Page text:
History

tim_house

The Burgman family business began in 1935 when Uncle John Kalin opened a Funeral Home on Broadway in Seattle’s First Hill neighborhood. His wife, Lucy, a registered nurse, received her embalmer’s license in 1937-a true woman pioneer in the field. After 15 years of successfully caring for Seattle’s families, Uncle John passed away in 1950. At that time Lucy Kalin and three of her sisters, all professional women ahead of their time, managed the funeral home. The youngest sister, Madge Burgman, a registered nurse and natural business woman, worked alongside her sisters and her son, Tim, who began working there as a teenager.

Tim with Office Ladies

Madge Burgman, Tim Burgman, Lucy Kalin and Agnes Lilligreen.

Tim At His Desk

Tim Burgman working in the Seattle office where his career began.

Tim's Office

Pictured is the original desk used in 1935. It is still used in the grand lobby at Woodlawn Funeral Home.

In 1964 the business was sold to Seattle University. Tim Burgman, along with his mother, Madge, Aunt Lucy and young family, moved to Lacey, WA in 1965, where they opened a new funeral home located on Pacific Avenue.

In 1967, the Burgmans purchased the historic Ruddell Pioneer Cemetery and adjacent property. Development began on the new portion in 1975, and in 1994 construction began on the current building, which was opened in the spring of 2002.

The spacious 24,000 square-foot funeral home is designed in a Northwest open-beam style. The funeral home features large and small chapels, viewing rooms and original stained glass. Two rose windows, inspired by the cathedrals of Europe, are placed prominently in each chapel. Click here to go to Our Facilities page.

Woodlawn Funeral Home

The wood logs and lumber were cut from timber on the Burgman family property. Tim Burgman’s eldest son, George, was the principal logger.

All specialty notch cutting was completed onsite. Local workers and trades people were employed throughout the building process. The Burgman family prefers to purchase goods and services locally when possible.

Woodlawn Funeral Home
A natural rock water fall

fountain_bigThis unique water feature includes a rock that was chosen from the Burgman family property in the Bald Hills. The rock weighs approximately 22,000 pounds and stands 9 feet high. It took the cemetery crew 2 days to drill through the rock and create the cascading water effect.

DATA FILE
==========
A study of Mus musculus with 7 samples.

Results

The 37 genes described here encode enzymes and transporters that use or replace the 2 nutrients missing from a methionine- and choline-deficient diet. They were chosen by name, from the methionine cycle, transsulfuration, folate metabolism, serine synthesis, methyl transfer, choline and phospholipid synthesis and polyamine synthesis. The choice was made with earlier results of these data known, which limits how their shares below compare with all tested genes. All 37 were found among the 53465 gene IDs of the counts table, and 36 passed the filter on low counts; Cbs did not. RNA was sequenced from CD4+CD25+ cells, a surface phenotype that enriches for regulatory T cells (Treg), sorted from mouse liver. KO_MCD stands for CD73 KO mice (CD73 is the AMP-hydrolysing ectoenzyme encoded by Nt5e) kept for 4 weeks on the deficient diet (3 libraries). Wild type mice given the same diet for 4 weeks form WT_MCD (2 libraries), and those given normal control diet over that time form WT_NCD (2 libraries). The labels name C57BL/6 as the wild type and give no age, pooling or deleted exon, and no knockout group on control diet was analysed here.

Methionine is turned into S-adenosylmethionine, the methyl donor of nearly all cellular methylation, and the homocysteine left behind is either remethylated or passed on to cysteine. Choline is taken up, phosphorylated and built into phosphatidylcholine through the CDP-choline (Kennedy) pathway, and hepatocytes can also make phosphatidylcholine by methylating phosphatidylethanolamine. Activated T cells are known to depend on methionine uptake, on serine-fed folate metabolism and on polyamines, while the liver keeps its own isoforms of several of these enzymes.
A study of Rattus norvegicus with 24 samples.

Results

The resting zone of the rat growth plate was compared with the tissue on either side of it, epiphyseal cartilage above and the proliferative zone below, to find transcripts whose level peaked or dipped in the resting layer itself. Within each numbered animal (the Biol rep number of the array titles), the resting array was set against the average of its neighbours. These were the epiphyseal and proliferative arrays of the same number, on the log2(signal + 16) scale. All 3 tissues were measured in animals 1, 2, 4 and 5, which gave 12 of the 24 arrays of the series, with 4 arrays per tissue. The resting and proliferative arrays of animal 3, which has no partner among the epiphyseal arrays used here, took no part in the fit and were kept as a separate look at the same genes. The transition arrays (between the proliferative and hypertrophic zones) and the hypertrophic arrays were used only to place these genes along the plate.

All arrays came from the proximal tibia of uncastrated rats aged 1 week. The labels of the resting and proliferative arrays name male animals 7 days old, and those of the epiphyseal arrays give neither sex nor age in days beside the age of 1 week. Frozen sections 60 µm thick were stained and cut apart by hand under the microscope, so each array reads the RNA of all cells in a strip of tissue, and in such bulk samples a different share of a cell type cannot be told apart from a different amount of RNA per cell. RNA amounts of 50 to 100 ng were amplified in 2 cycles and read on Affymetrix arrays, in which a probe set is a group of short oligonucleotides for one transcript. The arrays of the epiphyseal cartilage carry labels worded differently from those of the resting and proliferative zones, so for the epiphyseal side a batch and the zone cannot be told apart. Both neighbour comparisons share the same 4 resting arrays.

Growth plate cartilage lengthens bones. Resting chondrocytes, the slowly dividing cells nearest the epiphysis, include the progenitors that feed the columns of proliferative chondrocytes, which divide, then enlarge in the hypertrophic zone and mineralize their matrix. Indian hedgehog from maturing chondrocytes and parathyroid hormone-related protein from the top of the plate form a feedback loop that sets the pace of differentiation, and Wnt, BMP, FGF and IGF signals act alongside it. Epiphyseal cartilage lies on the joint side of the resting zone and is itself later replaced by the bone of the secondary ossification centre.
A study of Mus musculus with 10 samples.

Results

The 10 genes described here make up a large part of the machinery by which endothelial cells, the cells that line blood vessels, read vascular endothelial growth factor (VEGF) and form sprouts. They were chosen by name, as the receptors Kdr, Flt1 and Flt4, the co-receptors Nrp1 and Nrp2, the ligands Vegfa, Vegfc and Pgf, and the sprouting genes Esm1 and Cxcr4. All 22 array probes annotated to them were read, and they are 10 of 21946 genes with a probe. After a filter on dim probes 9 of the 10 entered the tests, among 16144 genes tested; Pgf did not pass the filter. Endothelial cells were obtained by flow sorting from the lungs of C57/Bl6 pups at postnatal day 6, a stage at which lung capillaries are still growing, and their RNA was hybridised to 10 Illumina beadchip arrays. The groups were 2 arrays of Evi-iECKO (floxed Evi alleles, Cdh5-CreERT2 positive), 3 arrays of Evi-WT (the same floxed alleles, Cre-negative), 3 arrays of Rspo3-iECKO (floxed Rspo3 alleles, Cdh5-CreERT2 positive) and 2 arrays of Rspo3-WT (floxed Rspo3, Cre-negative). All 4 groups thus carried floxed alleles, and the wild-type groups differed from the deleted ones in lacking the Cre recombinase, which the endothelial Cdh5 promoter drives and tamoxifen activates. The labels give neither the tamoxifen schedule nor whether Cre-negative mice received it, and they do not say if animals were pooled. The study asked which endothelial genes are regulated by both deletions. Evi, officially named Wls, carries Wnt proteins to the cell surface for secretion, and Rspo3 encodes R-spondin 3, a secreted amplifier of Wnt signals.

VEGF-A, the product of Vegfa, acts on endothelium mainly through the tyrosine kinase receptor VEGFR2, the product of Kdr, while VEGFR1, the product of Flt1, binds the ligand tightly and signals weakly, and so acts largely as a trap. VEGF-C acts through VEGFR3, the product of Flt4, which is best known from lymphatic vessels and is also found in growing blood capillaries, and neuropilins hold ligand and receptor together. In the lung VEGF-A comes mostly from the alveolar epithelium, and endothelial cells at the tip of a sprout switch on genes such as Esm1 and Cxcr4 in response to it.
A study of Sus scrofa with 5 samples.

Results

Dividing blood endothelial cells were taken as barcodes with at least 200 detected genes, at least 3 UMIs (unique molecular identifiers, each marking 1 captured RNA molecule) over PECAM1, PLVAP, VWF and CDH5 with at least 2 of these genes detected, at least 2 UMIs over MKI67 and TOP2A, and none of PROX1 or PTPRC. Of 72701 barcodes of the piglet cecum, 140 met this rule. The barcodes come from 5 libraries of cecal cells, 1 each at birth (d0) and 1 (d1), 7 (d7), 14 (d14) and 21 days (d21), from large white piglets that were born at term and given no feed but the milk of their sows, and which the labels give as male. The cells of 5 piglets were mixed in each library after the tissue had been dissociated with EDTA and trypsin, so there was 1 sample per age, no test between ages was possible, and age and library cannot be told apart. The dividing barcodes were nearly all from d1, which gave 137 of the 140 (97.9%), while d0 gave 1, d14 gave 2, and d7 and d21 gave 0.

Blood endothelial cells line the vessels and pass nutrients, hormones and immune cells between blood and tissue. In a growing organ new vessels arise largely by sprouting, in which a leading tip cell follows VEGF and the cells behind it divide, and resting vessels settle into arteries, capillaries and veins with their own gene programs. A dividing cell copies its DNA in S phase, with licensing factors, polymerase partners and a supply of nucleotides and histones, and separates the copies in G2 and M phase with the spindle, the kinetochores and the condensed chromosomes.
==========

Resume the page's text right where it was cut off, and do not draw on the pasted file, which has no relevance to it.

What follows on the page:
Grand Lobby

Chandeliers in the lobby and portico were custom-built onsite from old lighting fixtures re-used from a chapel at Ft. Lewis.

The grand lobby is spacious and open to the ceiling, which is 49’ 8” at the
apex and is a welcoming gathering place for families.

Front EntranceThe front entrance door (12’ 8”) was a special request from a very tall friend (6’ 8”) of the current owner, Tim Burgman. His friend asked him to make a doorway for his height. So, any giant would feel comfortable walking through the entrance.

Large Chapel

Our large chapel, with a capacity of 200, can accommodate most services. It has a state of the art sound system and video/PowerPoint presentation capability.
Chapel

As with the chandeliers in the lobby, the lighting in our chapel was repurposed from an old chapel at Fort Lewis.

The stained glass along the exterior wall was custom crafted by a local artisan who lived down the road from Woodlawn Cemetery.

Small Chapel

Small Chapel

Our small chapel, with a capacity of 35, is perfect for a small, intimate funeral.

It features a steeple-shaped roof line and offers a small country
church atmosphere.

This chapel is often used for private family viewings.

Divider

Tim and Ann Burgman’s children are involved in the family business. George Burgman, the eldest son, helps on special construction projects. Kathleen (Blanchette) Burgman assists with special projects. Teresa (Goen) Burgman has been a licensed funeral director since 1995.  Woodlawn has truly become a multigenerational business.

Attention to detail, commitment to family and community are the heritage the Burgman family has passed on from generation to generation.